Big Brother goes to Arabia

The television show ‘Big Brother’, where contestants are kept under lock inside the same house until public voting chooses a winner, was first launched in the UK on Channel 4 in 2001.

In early 2004, the Arab TV channel MBC surprisingly decided to produce their own version, Al-Ra’is (the Boss), in Bahrain. The Arabic version of the Big Brother reality show program started with a prize of $100,000 for the winner.

Twelve housemates from around the Arab world have been under the constant gaze of television cameras. They include Abdul Hakim from Saudi Arabia, Bashara from Lebanon, an actress from Bahrain, a musician from Iraq and a karate teacher from Kuwait.

Of course, the format and logistics of the show demanded some cross cultural modifications so the producers decided to make some changes to the house in order to reflect Arabic customs. For the first time there are segregated sleeping quarters for the male and female contestants. Also, a prayer room has been added, as well as a separate women’s lounge with a mixed-sex communal area. Other than these accommodations, the rules follow the international format of the show.

But these modifications to reflect Arabic customs did not go far enough for some protesters. The program, aired across the Arab world by MBC, raised concerns despite efforts to take into account Muslim sensitivities. After only two airings, MBC decided to cancel the show because of intense media criticism and charges of indecency accompanied by protests on the streets of Bahrain.

What MBC producers failed to see was the cross cultural implications of Al-Ra’is. In fact, targeting an audience consisting of mainly Muslims, Al-Ra’is failed to read the cross cultural signs. The close quarter interaction between men and women was culturally unacceptable to the majority of viewers. Protesters in the conservative Gulf Arab state had said showing unmarried people living together offended Islam.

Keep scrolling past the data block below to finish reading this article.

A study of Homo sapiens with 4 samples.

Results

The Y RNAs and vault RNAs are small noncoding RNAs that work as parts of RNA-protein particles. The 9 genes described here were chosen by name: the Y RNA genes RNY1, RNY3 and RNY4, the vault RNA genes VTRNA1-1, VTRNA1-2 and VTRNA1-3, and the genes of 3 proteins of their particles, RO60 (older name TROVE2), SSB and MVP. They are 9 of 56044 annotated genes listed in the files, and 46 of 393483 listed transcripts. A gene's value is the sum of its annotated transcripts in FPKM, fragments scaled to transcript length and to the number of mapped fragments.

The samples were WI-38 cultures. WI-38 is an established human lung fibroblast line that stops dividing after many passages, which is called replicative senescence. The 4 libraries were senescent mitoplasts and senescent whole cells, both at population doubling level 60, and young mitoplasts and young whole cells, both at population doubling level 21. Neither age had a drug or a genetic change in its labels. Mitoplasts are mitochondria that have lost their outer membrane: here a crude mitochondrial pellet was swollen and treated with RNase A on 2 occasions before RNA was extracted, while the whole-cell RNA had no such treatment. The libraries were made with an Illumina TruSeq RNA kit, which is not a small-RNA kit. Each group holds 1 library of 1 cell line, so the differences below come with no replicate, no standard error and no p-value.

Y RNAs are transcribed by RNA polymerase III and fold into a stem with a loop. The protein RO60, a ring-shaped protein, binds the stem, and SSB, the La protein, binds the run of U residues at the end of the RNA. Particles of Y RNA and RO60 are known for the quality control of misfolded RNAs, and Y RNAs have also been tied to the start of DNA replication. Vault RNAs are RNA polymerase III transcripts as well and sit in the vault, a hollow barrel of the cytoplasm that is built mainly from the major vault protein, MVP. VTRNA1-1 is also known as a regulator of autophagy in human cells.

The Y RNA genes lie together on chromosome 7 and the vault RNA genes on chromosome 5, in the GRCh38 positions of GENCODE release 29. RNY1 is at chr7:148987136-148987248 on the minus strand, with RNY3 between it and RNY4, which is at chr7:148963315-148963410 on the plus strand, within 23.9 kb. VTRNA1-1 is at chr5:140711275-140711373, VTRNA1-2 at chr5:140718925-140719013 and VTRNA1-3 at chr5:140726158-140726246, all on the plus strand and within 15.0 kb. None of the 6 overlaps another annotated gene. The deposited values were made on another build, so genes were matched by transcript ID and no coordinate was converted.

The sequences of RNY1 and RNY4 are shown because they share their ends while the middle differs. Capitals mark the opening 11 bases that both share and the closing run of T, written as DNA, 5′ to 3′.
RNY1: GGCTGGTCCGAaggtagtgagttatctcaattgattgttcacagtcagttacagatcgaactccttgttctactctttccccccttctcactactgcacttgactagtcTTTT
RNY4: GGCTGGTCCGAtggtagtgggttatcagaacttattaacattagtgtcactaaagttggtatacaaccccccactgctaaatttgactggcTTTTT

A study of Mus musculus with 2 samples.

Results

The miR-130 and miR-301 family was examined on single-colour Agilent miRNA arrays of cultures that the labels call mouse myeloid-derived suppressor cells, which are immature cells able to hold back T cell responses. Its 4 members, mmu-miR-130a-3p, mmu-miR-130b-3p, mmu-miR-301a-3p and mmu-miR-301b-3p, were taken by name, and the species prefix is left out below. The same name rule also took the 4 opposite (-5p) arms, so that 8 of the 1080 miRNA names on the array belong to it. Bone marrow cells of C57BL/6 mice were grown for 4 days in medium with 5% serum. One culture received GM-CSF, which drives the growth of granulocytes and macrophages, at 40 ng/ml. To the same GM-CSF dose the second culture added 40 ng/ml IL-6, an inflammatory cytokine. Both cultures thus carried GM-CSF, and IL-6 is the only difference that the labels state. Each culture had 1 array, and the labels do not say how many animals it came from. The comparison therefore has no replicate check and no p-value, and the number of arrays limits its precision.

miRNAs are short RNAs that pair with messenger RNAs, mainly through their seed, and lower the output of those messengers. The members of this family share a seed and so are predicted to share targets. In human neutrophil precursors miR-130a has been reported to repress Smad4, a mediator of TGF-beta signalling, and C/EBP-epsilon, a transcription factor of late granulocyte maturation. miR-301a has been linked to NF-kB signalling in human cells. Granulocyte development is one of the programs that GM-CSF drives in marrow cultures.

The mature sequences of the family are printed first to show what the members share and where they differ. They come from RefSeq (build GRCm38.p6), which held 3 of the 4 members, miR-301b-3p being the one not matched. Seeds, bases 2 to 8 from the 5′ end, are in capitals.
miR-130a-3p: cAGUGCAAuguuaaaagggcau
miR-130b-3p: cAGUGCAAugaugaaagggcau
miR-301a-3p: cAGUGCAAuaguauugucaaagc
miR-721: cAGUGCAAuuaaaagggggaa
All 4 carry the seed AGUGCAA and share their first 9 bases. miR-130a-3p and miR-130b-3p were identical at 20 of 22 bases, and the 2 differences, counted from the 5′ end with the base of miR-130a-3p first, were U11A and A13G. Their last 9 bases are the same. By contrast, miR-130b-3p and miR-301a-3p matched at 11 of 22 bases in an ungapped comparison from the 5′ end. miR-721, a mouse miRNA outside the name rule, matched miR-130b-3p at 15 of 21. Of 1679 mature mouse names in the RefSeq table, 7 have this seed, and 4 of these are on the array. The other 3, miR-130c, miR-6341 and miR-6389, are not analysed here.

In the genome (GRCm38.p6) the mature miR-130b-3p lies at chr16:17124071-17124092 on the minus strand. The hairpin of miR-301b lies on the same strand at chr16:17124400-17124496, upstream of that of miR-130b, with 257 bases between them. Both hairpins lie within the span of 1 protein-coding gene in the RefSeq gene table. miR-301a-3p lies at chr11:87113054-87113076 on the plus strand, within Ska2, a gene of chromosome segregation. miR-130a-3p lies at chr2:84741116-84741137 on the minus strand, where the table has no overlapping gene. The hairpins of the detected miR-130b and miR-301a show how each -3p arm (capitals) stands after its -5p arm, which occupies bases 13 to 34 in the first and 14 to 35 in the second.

“It is normal for males and females to mix, but not to put them together in the same house for a long time,” said 21-year-old student Maryam al-Sayrafi.

 Hundreds of Islamists protested in Bahrain chanting “Stop Sin Brother! No to indecency!”. They accused the show of being “un-Islamic” and immoral.

A woman actually said “This program is a threat to Islam. This is entertainment for animals.”

Even between members of Bahrain’s parliament there were critiques against the show.

 “We are an Islamic country with our own traditions. This program spoils the morals of our sons,” MP Jasim al-Saeedi said.

 MBC decided to suspend the production of the program because it “didn’t want to be the cause of differences of opinion”. “This decision aims to avoid exposing MBC and its programs to accusations that it offends Arab values, customs and morals, because we consider MBC to be first and foremost a channel that belongs to the Arab world,” the popular Saudi-owned channel said in a statement.

 The controversy over Big Brother came as Arab world’s first reality TV experiment, a dating show called Al Hawa Sawa ended. Al Hawa Sawa – which means On Air Together – displayed eight women from across the Arab world before men in a luxury apartment for 24 hours a day. The men could contact the woman of their choice to propose marriage. The show was criticized for being too liberal. It ended when one of the last two contestants said she refused to get married.